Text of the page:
14ymedio, Reinaldo Escobar, Havana, 11 November 2014 — I was tempted to title this text “The Good New York Times and Bad New York Times”, but since Yoani Sanchez had done the same with USAID it seemed repetitive.
The truth is that lately, and in an unusual manner, the official organ of the Cuban Communist Party, the newspaper Granma, and its televised arm, The Roundtable show, haven’t stopped repeating the good reasons this newspaper has for criticizing the embargo, for demanding that Alan Gross be exchanged for Cuba’s Ministry of the Interior (MININT) prisoners held in the United States, or for criticizing U.S. policy with regards to the Cuban government. This is the good New York Times, a credible and influential American newspaper.
But some have the healthy habit of saving paper and among these pearls appears, published in the Granma itself, an article which speaks very differently in relation to the famous newspaper .
On April 24, 2003, the news was fresh of the imprisonment of 75 Cuban dissidents (originally there were 80 defendants) who were given sentences of 15, 20 and up to 28 years imprisonment. The New York Times addressed that process, later dubbed the Black Spring, and to the Cuban government this was unforgivable.
Granma’s response, under the byline of Arsenio Rodríguez, was overwhelming and conclusive. “…their editorial decisions are neither serious nor liberal, but obediently follow orders in defense of the interests of the dominant powers in this nation.” And concluding with this succinct affirmation: “… the true role of the New York Times was, is and will be to represent the essence of the empire.”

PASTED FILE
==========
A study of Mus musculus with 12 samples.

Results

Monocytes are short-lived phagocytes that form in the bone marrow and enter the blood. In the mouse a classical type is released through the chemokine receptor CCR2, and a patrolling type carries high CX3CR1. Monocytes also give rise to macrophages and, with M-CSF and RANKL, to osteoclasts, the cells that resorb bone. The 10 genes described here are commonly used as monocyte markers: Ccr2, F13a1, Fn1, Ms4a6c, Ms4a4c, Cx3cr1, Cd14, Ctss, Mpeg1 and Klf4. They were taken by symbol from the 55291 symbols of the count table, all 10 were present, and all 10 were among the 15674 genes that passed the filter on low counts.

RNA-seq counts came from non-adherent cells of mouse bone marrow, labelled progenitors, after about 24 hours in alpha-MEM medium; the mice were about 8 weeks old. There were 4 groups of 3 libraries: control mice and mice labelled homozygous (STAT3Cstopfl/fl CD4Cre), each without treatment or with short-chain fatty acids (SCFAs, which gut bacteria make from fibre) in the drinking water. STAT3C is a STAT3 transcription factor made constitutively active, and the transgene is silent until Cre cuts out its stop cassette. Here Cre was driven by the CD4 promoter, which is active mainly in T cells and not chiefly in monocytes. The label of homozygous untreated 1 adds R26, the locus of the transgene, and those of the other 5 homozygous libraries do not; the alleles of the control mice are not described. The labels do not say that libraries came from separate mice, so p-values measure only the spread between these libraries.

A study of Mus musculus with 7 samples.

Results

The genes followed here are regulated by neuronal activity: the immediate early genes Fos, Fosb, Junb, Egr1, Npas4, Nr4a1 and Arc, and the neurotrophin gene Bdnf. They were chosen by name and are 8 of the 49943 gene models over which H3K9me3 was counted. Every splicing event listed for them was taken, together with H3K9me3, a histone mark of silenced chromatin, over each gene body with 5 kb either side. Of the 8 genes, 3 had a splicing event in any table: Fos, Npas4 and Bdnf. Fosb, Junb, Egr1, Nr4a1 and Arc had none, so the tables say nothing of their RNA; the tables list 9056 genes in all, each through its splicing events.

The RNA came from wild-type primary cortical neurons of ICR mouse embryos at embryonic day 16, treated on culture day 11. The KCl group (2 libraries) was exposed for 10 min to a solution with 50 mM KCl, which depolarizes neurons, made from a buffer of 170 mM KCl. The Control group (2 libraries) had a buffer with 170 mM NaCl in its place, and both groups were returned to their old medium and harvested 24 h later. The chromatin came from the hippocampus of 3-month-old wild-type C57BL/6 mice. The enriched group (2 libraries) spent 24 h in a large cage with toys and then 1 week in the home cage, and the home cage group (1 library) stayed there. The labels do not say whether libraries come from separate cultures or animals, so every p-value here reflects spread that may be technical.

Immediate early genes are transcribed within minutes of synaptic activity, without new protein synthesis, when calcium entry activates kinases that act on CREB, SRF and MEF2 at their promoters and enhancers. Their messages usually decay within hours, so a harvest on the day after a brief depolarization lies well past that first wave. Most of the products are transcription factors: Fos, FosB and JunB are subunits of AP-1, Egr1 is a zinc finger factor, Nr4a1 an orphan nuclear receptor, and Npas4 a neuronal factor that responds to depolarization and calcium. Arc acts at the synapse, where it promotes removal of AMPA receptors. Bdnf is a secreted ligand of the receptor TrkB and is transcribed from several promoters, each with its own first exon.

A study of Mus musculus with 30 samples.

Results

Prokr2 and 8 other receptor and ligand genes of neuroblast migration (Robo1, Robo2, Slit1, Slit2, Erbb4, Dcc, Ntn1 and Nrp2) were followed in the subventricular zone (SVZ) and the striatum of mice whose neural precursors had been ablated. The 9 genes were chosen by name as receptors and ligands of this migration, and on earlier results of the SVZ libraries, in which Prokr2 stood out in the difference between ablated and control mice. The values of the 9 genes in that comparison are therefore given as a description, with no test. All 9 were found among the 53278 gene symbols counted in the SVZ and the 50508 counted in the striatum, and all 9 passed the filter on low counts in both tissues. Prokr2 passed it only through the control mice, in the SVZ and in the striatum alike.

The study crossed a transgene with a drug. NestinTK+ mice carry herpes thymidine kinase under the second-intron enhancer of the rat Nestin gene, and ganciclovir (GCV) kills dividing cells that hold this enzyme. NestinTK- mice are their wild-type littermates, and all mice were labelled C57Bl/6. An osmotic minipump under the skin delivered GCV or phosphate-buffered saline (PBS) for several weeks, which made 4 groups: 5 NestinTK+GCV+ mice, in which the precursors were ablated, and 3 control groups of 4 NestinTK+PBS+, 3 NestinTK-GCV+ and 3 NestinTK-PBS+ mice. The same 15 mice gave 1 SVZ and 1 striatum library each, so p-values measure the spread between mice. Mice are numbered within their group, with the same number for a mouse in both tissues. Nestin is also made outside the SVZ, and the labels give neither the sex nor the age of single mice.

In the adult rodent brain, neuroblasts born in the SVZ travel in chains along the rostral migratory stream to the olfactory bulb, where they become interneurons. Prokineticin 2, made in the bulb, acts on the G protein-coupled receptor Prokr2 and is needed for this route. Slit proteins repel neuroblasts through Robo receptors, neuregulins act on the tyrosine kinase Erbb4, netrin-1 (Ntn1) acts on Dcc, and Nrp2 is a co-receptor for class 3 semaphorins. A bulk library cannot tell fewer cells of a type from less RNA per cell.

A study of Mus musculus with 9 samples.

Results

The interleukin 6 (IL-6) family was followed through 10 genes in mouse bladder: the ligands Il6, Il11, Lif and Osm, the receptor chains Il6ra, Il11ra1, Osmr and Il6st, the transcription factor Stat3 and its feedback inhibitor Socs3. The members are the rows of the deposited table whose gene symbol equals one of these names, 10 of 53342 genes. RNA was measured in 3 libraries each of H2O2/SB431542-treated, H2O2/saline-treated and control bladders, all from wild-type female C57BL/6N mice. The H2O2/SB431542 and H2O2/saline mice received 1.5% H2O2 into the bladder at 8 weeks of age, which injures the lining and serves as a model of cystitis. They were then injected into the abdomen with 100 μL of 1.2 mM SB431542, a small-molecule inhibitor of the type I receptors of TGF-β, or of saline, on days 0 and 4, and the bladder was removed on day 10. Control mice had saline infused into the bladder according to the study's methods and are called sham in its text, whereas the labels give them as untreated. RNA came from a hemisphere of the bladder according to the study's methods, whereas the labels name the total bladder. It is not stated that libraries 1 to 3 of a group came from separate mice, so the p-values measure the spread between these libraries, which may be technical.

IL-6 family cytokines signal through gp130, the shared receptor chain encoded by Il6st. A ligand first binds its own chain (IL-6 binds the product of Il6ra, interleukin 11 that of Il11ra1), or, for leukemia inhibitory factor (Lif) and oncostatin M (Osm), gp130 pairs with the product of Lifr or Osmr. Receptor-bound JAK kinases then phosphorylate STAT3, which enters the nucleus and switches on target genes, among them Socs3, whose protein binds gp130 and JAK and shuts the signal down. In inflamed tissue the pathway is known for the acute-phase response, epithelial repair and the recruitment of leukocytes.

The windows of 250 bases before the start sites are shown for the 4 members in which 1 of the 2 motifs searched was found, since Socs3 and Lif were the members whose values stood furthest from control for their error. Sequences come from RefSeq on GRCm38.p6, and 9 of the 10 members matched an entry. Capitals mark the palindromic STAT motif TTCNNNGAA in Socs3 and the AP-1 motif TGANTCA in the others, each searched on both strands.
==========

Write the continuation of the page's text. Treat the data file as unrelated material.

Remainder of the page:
The question some of us in Cuba ask is if the newspaper has ceased to represent the imperial interests of the United States (if this was ever the case) or if now those interests are changing and something is moving under the table, behind the backs of the only protagonists in this drama: Cubans.
I do not know if Arsenio Rodriguez has retired, how old he is, or if he prefers to “pass” on the subject, but I would love to read his opinion now. I would give anything to have the evidence that the editorial decisions of Granma dutifully obey orders in defense of the dominant interests.